We are now nearly four years into what has been termed variously the “Great Recession” and the “Lesser Depression.” Unemployment remains at its highest levels since the early 1980s, home foreclosures and short sales have become de rigueur in the housing market, and college students around the country are holding their collective breath as the U.S. Congress debates action to prevent the near-doubling of student loan interest rates set to go into effect July 1, 2012. Charities and non-profit groups, including churches, are still struggling to make up the financial ground they lost between 2008 and 2010.
 The Rev. Rick Foss’s question — “How can we create hopeful leaders in the church?” — is poignant in the midst of these struggles, especially as members of the clergy face the same personal financial challenges as the members of their churches. Rev. Foss includes in this list of struggles the realities of seminarian debt, a problem discussed in depth by the Rev. Joy L. McDonald Coltvet. Both authors highlight the staggering debt clergy often face after leaving seminary. Both also foreground the Church’s responsibility to alleviate this burden, and Rev. Coltvelt describes some ways the ELCA is currently assisting seminarians. Mark Granquist’s historical analysis of pastoral finances helps offer some context to these contemporary issues.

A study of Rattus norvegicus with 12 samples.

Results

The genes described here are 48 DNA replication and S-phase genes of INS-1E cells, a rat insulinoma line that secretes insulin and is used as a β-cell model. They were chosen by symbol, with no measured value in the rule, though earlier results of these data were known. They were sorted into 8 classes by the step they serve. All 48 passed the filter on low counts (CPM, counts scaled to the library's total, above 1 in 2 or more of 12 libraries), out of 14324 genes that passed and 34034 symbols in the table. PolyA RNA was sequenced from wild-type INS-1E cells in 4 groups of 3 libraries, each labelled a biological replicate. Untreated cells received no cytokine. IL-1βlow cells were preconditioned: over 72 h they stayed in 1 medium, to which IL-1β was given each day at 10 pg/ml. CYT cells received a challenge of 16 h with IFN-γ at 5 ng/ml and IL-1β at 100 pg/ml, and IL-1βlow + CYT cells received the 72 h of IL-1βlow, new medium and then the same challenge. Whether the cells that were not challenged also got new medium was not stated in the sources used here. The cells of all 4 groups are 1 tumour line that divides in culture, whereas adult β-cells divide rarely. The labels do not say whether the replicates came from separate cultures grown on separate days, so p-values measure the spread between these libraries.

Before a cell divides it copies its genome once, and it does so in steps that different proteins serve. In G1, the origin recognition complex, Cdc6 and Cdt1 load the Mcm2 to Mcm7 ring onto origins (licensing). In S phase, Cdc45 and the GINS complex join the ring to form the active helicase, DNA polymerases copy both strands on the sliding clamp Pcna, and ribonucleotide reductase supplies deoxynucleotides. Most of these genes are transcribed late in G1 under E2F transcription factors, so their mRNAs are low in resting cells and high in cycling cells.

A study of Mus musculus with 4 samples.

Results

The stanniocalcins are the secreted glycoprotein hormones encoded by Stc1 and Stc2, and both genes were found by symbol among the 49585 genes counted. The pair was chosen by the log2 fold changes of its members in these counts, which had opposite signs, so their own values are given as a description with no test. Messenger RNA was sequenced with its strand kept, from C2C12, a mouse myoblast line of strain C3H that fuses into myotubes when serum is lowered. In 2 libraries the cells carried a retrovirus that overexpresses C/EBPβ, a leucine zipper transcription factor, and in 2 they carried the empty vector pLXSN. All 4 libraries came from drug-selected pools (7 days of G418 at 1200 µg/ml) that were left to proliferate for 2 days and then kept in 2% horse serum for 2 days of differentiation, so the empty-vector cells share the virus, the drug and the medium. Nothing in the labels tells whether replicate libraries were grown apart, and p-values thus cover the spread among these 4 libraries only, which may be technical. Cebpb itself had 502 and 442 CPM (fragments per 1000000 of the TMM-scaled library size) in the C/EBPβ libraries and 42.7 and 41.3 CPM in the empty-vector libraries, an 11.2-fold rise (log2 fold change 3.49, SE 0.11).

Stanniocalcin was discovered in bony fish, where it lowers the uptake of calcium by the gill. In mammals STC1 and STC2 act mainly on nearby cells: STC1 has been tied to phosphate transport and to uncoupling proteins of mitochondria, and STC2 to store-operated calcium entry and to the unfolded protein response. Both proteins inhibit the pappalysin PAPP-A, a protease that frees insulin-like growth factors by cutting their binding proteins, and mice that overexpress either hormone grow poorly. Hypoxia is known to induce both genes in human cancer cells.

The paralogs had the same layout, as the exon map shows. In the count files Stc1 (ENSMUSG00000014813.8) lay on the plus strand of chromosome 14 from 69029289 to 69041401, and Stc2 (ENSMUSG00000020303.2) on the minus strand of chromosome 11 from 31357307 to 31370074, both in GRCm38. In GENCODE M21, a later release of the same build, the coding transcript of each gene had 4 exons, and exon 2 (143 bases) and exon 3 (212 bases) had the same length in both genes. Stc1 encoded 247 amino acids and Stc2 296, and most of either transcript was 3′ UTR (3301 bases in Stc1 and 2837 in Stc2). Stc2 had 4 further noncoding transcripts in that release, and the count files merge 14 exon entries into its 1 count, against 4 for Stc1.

Margaret Payne and Kate Walsh address questions of personal financial ethics in their respective articles. Payne’s article describes some of the benefits of tithing as a spiritual practice. In her article on socially responsible investing, Walsh offers practical advice and raises helpful questions for those seeking to invest their savings in ways that reflect their personal beliefs and faith.
 Together, the articles in this issue challenge us to consider the ethical dimensions of finance, both individually and in community, from the personal ethical decisions of investment to the church’s responsibility to seminarians and pastors in debt for their education.